Adultery is a sin never taken lightly. It’s a serious crime that hurts not only the person committing it, but also the people around that person. A crime so serious requires a severe punishment, but that would just lead to more sorrow. In The Scarlet Letter, by Nathaniel Hawthorne, Hester is the main character who is forced to wear the letter ‘A’ on her chest for committing adultery with an unknown person. At times, the punishment should fit the crime, but under certain circumstances, the crime itself holds all the punishment that is needed.

During the Puritan time period, crimes for adultery ended in execution. In Hester’s case, she was only required to wear the scarlet letter because of the unknown information of who her husband and her lover were. Execution is too severe for a crime such as this, the taking of life never compensates for a crime that doesn’t physically take the life of another. Wearing the letter ‘A’ on the other hand seems reasonable at first; It subjects the adulterer to public humiliation and criticism. On the surface, this punishment is perceived as tame and doesn’t fully grasp the significance of the crime, but if you consider all the non-implied consequences of this type of punishment, you’ll notice that it is too harsh of a punishment for one to take.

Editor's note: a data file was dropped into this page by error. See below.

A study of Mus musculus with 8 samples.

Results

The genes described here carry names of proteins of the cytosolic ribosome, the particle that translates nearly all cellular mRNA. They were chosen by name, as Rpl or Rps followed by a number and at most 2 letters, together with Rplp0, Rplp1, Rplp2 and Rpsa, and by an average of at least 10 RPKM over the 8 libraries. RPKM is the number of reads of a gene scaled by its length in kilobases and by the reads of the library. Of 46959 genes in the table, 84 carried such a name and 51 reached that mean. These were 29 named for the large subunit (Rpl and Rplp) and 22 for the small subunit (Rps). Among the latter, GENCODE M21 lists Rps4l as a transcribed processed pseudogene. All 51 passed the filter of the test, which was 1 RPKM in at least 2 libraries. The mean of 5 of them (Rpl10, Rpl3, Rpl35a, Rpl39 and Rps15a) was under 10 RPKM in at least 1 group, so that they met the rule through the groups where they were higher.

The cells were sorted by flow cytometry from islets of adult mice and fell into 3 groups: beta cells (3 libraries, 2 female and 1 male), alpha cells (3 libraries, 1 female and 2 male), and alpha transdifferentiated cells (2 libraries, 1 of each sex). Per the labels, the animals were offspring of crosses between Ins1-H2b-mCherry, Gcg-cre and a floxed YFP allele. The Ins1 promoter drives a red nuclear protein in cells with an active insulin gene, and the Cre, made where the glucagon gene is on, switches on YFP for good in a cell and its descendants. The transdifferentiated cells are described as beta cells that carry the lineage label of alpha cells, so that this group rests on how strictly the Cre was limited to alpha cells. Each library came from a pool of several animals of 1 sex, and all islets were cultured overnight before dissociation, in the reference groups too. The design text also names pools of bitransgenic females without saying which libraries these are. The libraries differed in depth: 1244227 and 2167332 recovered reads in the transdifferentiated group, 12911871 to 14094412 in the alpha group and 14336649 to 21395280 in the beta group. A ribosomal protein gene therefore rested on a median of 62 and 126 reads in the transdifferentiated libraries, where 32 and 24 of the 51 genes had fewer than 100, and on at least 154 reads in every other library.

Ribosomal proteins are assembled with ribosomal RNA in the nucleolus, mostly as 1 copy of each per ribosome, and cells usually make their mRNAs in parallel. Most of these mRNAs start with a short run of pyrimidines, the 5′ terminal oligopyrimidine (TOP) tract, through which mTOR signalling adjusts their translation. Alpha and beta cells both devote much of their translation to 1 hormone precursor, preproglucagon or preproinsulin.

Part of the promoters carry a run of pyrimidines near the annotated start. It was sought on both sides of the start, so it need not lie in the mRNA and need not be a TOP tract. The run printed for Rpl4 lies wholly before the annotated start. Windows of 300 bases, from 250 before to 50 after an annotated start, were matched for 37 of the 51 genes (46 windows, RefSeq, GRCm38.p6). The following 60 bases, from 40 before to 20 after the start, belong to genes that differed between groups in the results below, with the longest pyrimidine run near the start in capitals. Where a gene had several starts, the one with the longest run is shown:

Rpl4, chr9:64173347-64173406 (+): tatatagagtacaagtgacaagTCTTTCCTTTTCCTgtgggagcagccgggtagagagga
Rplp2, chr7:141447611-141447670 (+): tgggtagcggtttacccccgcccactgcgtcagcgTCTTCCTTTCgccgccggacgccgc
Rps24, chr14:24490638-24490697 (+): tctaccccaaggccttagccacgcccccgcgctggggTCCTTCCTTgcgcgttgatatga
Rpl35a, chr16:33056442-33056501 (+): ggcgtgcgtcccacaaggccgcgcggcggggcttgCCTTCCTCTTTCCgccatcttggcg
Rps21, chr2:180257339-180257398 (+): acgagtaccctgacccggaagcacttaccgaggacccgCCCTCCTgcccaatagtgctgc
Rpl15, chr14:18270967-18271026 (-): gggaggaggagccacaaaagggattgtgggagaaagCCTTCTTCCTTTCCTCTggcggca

We can’t help but criticize the “imperfection” that we see before us. Imperfection can be the way that a person may give in to a certain temptation. When Hester was publicly branded as an adulterer, the people around town began to think of her as a figure of evil and that she symbolizes all that is wrong in the world, thus ruining her social life and causing her mentally, and in turn physical, deterioration. Now if all of us can accept the fact that there is no perfect human being in this world, then why can we not accept the fact that there are people in this world that aren’t perfect? The punishment that has been brought upon Hester not only ruins her life but also visually shows the sins in all the people around her that questions her innocence.


In Puritanical views, we can see how a crime such as adultery can be punished but isn’t a person punished enough when they commit adultery? And even if they weren’t, why would it be necessary to punish their unmoral views on life? Mr Dimmesdale, Hester’s lover, is a perfect example of how a person is punished by the act itself. When he had committed adultery with Hester, his identity was unknown which allowed him to remain anonymous. But his conscience had reduced him to a weak, ill man and later causing his death. Wouldn’t that be punishment enough?

Life is all about second chances. A perfect world can never and should never be achieved. Adultery is a serious crime, but a punishment such as the scarlet letter is far too serious for this crime. A punishment such as this would hurt the person and the people around him/her far too much, and the fact that they all probably suffered from the crime itself makes the punishment less necessary.